Updated: Oct 2, 2023






The first course I did that got me interested in science of animal behaviour and eventually to be one a dog behaviour trainer was a course done by Dr Brian Hare of Duke University called Dog Emotion and Cognition. (Highly recommend it to everyone who wants to learn more about how dogs evolved and evolution in general as it's not just about dogs.)

During this course he explained not only the science behind a dog’s brain and their emotions (other species are discussed in this course too) but also how they have evolved from wolves and why the dominance and alpha theory not only doesn’t apply to dogs, it also doesn’t apply to wolves either.


Dr Hare talks about how the "survival of the friendliest" became a thing for then wolves. The ones that we call dogs today.


When humans decided to stop moving around and settle in one spot some 12,000 years ago. That was when all of this started. Those humans started producing garbage (what we can do very well to this day), that for wolves was basically delicious food.


But for those wolves in order to access the human waste, they needed to be somewhat friendly, not aggressive nor fearful or they wouldn’t be able to get close to human villages enough to scavenge the low risk and high quality food.

Those wolves were trying to be friendly so they get easy access to food. This shows that humans didn’t domesticate dogs, it was the friendliest wolves who naturally domesticated themselves.


Now to this point we don’t see any of those early dogs trying to show humans who’s boss or dominate them do we? So why somehow now we are told this has changed? Well it hasn’t and there’s science to prove that.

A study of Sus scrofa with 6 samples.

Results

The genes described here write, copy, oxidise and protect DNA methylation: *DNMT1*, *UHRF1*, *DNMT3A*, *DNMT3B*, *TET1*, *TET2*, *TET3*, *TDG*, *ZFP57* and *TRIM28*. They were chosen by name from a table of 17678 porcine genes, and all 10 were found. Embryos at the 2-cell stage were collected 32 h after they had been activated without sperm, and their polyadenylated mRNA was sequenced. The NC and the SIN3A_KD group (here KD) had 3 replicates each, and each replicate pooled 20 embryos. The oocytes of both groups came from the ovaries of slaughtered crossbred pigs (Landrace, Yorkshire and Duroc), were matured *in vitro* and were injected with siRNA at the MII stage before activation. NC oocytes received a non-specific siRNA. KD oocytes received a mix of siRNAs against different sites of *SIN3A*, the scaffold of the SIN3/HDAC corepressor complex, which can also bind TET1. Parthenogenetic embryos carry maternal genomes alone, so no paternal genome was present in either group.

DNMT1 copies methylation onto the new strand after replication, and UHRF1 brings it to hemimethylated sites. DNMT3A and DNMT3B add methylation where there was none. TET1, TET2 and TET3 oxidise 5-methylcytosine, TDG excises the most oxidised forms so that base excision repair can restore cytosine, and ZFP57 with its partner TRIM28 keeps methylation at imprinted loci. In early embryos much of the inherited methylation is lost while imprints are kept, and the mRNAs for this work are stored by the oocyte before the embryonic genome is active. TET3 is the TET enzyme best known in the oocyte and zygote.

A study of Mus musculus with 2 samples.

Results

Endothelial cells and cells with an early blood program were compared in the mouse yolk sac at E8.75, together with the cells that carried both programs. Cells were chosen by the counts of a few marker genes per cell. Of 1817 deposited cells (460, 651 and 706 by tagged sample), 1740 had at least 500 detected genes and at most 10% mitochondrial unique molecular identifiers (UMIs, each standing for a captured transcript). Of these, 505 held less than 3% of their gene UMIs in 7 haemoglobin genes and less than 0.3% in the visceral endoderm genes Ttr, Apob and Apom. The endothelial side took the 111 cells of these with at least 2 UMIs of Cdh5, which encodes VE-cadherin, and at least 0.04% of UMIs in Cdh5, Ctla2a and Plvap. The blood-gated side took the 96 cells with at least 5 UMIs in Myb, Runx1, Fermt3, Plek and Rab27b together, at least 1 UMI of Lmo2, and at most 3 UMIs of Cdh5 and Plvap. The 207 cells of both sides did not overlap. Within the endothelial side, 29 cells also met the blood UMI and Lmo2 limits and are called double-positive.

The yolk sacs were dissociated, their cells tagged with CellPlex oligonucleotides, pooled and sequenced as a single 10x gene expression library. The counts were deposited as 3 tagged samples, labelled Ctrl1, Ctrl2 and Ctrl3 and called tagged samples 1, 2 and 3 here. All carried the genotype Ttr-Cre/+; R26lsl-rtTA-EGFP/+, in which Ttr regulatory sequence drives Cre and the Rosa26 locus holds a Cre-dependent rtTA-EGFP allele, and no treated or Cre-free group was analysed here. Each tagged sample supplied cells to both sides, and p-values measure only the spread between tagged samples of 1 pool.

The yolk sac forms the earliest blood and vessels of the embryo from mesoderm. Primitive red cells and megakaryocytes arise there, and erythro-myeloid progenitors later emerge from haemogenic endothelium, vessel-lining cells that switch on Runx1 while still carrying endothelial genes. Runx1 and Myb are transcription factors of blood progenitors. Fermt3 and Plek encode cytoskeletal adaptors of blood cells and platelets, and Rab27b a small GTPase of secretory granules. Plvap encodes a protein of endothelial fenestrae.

Not only now dogs considered a whole new species but also in wolves life, there is no dominance going on either.


The study on wolves that started this whole dominance theory up was done on captive wolves, wolves that were strangers to each other and had to survive. Which now has been debunked by the scientist who’s done the study originally.


But hey he must know nothing compare to the so called trainer who’s only qualification in animal behaviour is “I grew up with dogs”


Wolves in their natural habitat, live as family unit, mum, dad and offspring.


Offspring naturally will obey their parents and parents has the same level of authority towards their offspring. No one is trying to dominate their kids or mother wolf, they move around with other family of wolves for support and security.


Non of these two species seem to try to dominate anyone from their own species let alone humans.


This post got longer than I expected so I leave it here but I highly recommend the course mentioned above or the book “the Genius of Dogs” written by Dr Hare and Dr Woods.